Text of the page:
Meiji Emperor and Hirobumi Ito
Early in the morning of February 4, 1904, the Emperor of Japan called Hirubumi Ito.
At the time, the Imperial Government had to decide whether it should venture into war against the Russian Empire or accept expansion of aggressive Russian influences on Manchuria, North China, the Korean Peninsula, and other regions around the Sea of Japan, southeast of Siberia. The war, if any, would be a very risky one for the Empire of Japan just in the middle of the process of its industrial revolution. And on the very day, a supreme conference in the presence of the Emperor was to be held in the Imperial Palace, Tokyo.
Hirobumi Ito, who was then not only Chairman of the Privy Council but also the politician most trusted by the Emperor, came to curt. The Emperor wearing night clothes invited Ito into his private room. Such an invitation had never happened before; no political leaders and dignitaries as well as other people in high positions in the Empire never entered the private space of the Emperor in the Imperial Palace. It was unprecedented. And the Emperor just put on night clothes with the worn-out look.
Hirobumi Ito was a very special politician. He was the unparalleled successor of the Three Great Heroes of the Meiji Restoration (Saigo, Okubo, and Kido) that had brought the imperial court back to political power through a civil war against the Tokugawa samurai regime in 1868. Though all these Heroes had been gone due to another civil war, an assassination, and fatal illness), Ito continued to make his career to become the first prime minister of Japan in 1885.
Ito was so much trusted by the Emperor who had been just a teenager when the Meiji Restoration was carried out by the Three Great Heroes of Meiji and other radical but pro-imperial samurais, including Hirobumi Ito. The young Emperor had been educated by ex-samurais who took over power from the Tokugawa shogun. But old ex-samurais had gone away or became so old. Now, Hirobumi Ito played a role of a kind of senior friend of the Emperor. While other ministers and politicians never sat before the Emperor when they saw him in person, only Ito casually seated himself into a chair. Indeed, it was Hirobumi Ito who had contributed to promulgation of the Constitution of the Imperial Japan in 1989, setting the foundation of the Empire and the legal basis of the position of the Emperor.
The Emperor asked Ito how he thought about the coming war with the Russian Empire. He wanted an honest opinion from trustworthy Ito prior to the supreme conference scheduled on the day. The Emperor, originally having nothing to do with samurai warrior tradition, had been so much bothered about the possible war with Russia. The Russian Empire had the world largest army and the mighty navy; how could the Empire of Japan whose modernization had started just 25 years ago fight the Russian Empire on equal terms?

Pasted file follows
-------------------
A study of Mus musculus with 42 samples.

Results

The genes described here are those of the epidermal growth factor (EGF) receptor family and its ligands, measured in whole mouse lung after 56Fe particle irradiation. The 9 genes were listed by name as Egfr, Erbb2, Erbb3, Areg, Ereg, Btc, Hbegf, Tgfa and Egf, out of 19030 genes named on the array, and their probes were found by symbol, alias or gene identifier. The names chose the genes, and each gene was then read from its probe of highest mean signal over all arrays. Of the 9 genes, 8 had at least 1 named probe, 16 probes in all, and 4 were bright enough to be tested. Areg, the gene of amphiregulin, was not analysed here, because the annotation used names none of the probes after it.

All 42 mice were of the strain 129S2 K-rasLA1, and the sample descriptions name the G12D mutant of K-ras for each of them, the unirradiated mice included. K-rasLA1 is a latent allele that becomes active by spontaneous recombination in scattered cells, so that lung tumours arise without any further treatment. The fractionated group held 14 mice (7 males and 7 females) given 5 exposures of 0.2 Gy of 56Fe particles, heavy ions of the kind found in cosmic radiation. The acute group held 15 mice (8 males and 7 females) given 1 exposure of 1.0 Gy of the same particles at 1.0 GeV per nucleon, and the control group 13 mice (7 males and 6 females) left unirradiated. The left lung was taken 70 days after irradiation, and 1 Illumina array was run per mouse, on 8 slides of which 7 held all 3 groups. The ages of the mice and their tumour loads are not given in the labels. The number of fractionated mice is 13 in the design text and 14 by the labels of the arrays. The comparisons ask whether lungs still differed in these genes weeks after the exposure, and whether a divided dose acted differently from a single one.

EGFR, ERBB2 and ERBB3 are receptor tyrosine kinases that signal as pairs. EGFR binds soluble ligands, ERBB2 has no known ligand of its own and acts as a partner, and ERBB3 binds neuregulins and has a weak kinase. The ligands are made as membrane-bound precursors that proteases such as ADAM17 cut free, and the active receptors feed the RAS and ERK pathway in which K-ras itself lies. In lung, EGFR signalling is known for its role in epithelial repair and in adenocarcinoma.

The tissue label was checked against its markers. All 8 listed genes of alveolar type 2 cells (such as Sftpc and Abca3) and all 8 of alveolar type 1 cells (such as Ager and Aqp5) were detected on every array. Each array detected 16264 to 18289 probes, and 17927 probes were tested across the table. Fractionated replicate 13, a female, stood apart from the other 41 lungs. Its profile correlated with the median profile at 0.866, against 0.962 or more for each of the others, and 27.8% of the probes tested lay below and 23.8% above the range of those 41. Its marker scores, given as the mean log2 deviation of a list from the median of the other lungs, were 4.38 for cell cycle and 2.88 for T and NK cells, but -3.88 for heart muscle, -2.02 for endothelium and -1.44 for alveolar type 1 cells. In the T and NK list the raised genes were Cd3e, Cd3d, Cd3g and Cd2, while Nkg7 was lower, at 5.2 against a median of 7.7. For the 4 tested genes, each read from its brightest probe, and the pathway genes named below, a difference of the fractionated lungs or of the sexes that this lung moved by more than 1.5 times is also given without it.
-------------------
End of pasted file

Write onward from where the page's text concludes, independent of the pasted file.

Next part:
Ito answered, "There is a possibility that our country will face a critical result. In that case, your majesty has to prepare to meet your fate (you might be requested to step down from the imperial throne if the Empire of Japan should be defeated)."
In the conference, the Emperor expressed his strong concern. He proposed that he would directly contact to the Russian Emperor as both the governments could not find a solution for peace. The Emperor worried that many Japanese soldiers would be killed if the outbreak of war had been unavoidable. But, top politicians, ministers and generals who attended the conference suggested that no such efforts would be too late. The empire was in an imminently dangerous situation, since no diplomatic negotiations had been successful while Russians looked like being determined to attack the imperial troops stationed in the Korean Peninsula that had been under strong control of the Imperial Japan for years.
After the conference, Ito immediately sent a special envoy to the US, since it was only America that could play the role of mediator when the time came to make a truce with the Russian military. (The UK was then allied with the Empire of Japan based on the Anglo-Japanese Alliance, providing some indirect support for Tokyo.) Hirobumi Ito with rich international experiences knew well that the Empire of Japan could fight a full-scale war with the Russian Empire only for a few years. Tokyo needed a strong foreign friend who would help settle the war in favor of Japan eventually.
The Japanese-Russo War was fought between 1904 and 1905. The Empire of Japan could hold a dominant position as its army drove Russian troops from areas near the Korean Peninsula and South Manchuria and its navy destroyed the Russian fleet around the Tsushima Straits and the Sea of Japan. US President Theodore Roosevelt helped Japan in the post-war negotiations held in Portsmouth, Virginia. Roosevelt was later awarded the Nobel Peace Prize for his effort in helping the Empire of Japan and the Russian Empire conclude the Portsmouth Peace Treaty.
Incidentally, Hirobumi Ito was assassinated in Manchuria in 1909 by a Korean terrorist. Meiji Emperor died in 1912.
Indeed, a century ago, Japan was led by ex-samurai politicians and an emperor who was just a teenager when the samurai regime fell paving the way for Westernization and at the same time restoration of imperial authority in the Japanese society. The tragic and glorious 20th century of Japan began with such figures, good or bad.
Gen 8:21 And the LORD smelled a sweet savour; and the LORD said in his heart, I will not again curse the ground any more for man's sake; for the imagination of man's heart is evil from his youth; neither will I again smite any more every thing living, as I have done.